Omicron ‘First Ray of Light’ Toward COVID-19 Turning Endemic: UK Scientist

A girl receives a self-administered COVID-19 test kit at a screening center at the Martin Luther King, Jr. Medical Center Campus in South Los Angeles, Calif., on Dec. 27, 2021. (Robyn Beck/AFP via Getty Images)

A British doctor has forecast COVID-19 evolving to become less severe and endemic, and said the highly-transmissible but milder Omicron variant is the beginning of the process.

“The thing that might happen in the future is you may see the emergence of a new variant that is less severe, and ultimately, in the long-term, what happens is COVID becomes endemic and you have a less severe version. It’s very similar to the common cold that we’ve lived with for many years,” Dr. Mike Tildesley, a member of the Scientific Pandemic Influenza Group on Modelling (Spi-M) and a University of Warwick professor, told Times Radio on Saturday.

Tildesley said that the latest variant is different from the previous Delta strain, but that the time for normalcy has not been reached. “We’re not quite there yet, but possibly Omicron is the first ray of light there that suggests that may happen in the longer-term. It is, of course, much more transmissible than Delta was, which is concerning, but much less severe.”

Natural immunity has been found to offer better protection against the CCP (Chinese Communist Party) virus than the vaccines, according to an Israeli study involving around 5.7 million people. The theory is that a highly-transmissible version of the virus would infect people rapidly but leave behind a more resistant population.

Tildesley added: “Hopefully, as we move more towards the spring and we see the back of Omicron, we can get more inter-relationships of living with COVID as an endemic disease and protecting the vulnerable. Any variant that does emerge which is less severe, ultimately, in the longer term, is where we want to be.”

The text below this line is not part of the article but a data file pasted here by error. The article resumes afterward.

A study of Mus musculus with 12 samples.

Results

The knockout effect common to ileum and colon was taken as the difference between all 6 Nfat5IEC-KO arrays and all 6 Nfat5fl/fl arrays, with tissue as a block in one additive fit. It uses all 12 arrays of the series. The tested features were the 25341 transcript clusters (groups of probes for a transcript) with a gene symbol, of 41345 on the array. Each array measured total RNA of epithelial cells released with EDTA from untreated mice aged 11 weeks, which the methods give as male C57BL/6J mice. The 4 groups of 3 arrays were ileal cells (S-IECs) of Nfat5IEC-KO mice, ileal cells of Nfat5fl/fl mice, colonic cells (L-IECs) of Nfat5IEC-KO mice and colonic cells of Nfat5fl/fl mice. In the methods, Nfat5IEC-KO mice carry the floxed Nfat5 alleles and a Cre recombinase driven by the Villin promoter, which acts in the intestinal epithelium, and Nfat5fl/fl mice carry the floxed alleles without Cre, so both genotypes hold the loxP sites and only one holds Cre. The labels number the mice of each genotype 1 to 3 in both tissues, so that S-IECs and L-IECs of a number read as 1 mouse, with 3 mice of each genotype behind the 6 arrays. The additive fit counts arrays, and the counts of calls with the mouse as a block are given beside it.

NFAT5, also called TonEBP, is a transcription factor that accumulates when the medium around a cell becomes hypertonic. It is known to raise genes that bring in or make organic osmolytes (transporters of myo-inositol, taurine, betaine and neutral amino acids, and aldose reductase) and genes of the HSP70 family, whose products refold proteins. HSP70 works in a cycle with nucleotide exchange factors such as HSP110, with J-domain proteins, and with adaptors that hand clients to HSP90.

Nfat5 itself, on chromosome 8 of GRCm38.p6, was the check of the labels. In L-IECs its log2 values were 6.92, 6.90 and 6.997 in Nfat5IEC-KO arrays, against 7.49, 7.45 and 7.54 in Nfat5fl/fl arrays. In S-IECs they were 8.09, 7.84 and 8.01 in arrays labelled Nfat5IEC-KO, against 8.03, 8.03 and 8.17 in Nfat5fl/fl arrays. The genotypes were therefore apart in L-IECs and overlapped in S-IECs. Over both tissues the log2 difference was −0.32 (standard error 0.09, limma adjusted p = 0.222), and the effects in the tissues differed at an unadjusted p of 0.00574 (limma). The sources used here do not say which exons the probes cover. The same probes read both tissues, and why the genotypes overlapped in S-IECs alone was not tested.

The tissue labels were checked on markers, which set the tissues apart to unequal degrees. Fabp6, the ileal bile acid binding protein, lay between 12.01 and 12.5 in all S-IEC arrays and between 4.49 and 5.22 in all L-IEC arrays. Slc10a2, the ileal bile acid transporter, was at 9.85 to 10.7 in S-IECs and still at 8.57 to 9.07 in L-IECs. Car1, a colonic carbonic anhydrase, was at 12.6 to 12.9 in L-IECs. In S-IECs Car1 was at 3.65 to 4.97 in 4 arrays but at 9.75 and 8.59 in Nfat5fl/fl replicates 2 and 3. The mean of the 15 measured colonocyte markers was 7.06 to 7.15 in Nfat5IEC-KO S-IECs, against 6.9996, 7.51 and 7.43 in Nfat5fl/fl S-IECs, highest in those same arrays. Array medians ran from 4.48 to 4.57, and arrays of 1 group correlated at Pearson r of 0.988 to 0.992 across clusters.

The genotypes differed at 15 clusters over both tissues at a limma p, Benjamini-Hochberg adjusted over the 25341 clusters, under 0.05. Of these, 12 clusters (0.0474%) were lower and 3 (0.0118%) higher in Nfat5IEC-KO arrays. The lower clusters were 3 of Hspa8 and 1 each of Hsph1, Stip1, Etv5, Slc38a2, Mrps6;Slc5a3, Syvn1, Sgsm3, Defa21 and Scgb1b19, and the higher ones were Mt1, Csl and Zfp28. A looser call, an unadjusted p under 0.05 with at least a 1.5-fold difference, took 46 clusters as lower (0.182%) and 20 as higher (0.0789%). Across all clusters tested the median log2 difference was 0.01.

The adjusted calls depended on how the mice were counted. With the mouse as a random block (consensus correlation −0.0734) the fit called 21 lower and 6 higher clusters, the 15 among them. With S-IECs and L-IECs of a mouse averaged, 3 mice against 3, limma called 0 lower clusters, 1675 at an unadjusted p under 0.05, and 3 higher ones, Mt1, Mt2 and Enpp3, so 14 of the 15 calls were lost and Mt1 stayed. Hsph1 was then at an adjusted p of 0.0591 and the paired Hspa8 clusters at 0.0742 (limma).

Tildesley pointed to the number of cases, which was flat-lining in the UK’s capital city London, and lower hospital admissions, as encouraging signs that the situation may be starting to turn around.

On Jan. 9, the number of new cases in England was 121,228 with a seven-day average of 140,256, which is an increase of over 200 percent from Dec. 14, when the spike began and the seven-day average was 45,489.

However, the number of deaths not only did not go up in proportion to the case counts, it actually went down. On Dec. 14, the number of deaths was 138, with a seven-day average of 95 in England, while on Jan. 9, it was 84, with a seven-day average of 164.

Similarly, in the United States there was an increase of more than 450 percent from Dec. 14, when the seven-day average was 119,379, and 668,497 on Jan. 7, while the number of deaths recorded a much smaller change from an average of 1,143 on Dec. 14 to 1,513 on Jan. 7.

“On the slightly more positive side, so it doesn’t sound all doom and gloom, what we are seeing from hospital admissions is that stays in hospital do appear to be on average shorter, which is good news, symptoms appear to be a little bit milder, so this is what we are seeing consistently with the Omicron variant,” Tildesley added.

According to preliminary studies, Omicron is much more likely to infect the throat compared to the lungs, which makes it less deadly, but more infectious. A preprint of an animal-based study conducted by researchers from the University of Liverpool’s Molecular Virology Research Group said that mice infected with Omicron lose less weight, experience milder pneumonia, and carry less viral loads.

“It’s one piece of the jigsaw,” professor James Stewart said, according to The Guardian. “The animal model does suggest that the disease is less severe than Delta and the original Wuhan virus. It seems to get cleared faster and the animals recovered more rapidly, and that ties in with clinical data coming through.

“The early indications are that it’s good news, but that’s not a signal to drop our guard, because if you’re clinically vulnerable, the consequences are still not great—there are deaths from Omicron. Not everyone can rip their masks off and party.”

Dr. Tedros Adhanom Ghebreyesus, the head of the World Health Organization, cautioned at a media briefing last month against terming the Omicron variant “mild.”

“We’re concerned that people are dismissing Omicron as mild. Surely, we have learned by now that we underestimate this virus at our peril. Even if Omicron does cause less severe disease, the sheer number of cases could once again overwhelm unprepared health systems,” he said.

Naveen Athrappully is a news reporter covering business and world events at The Epoch Times.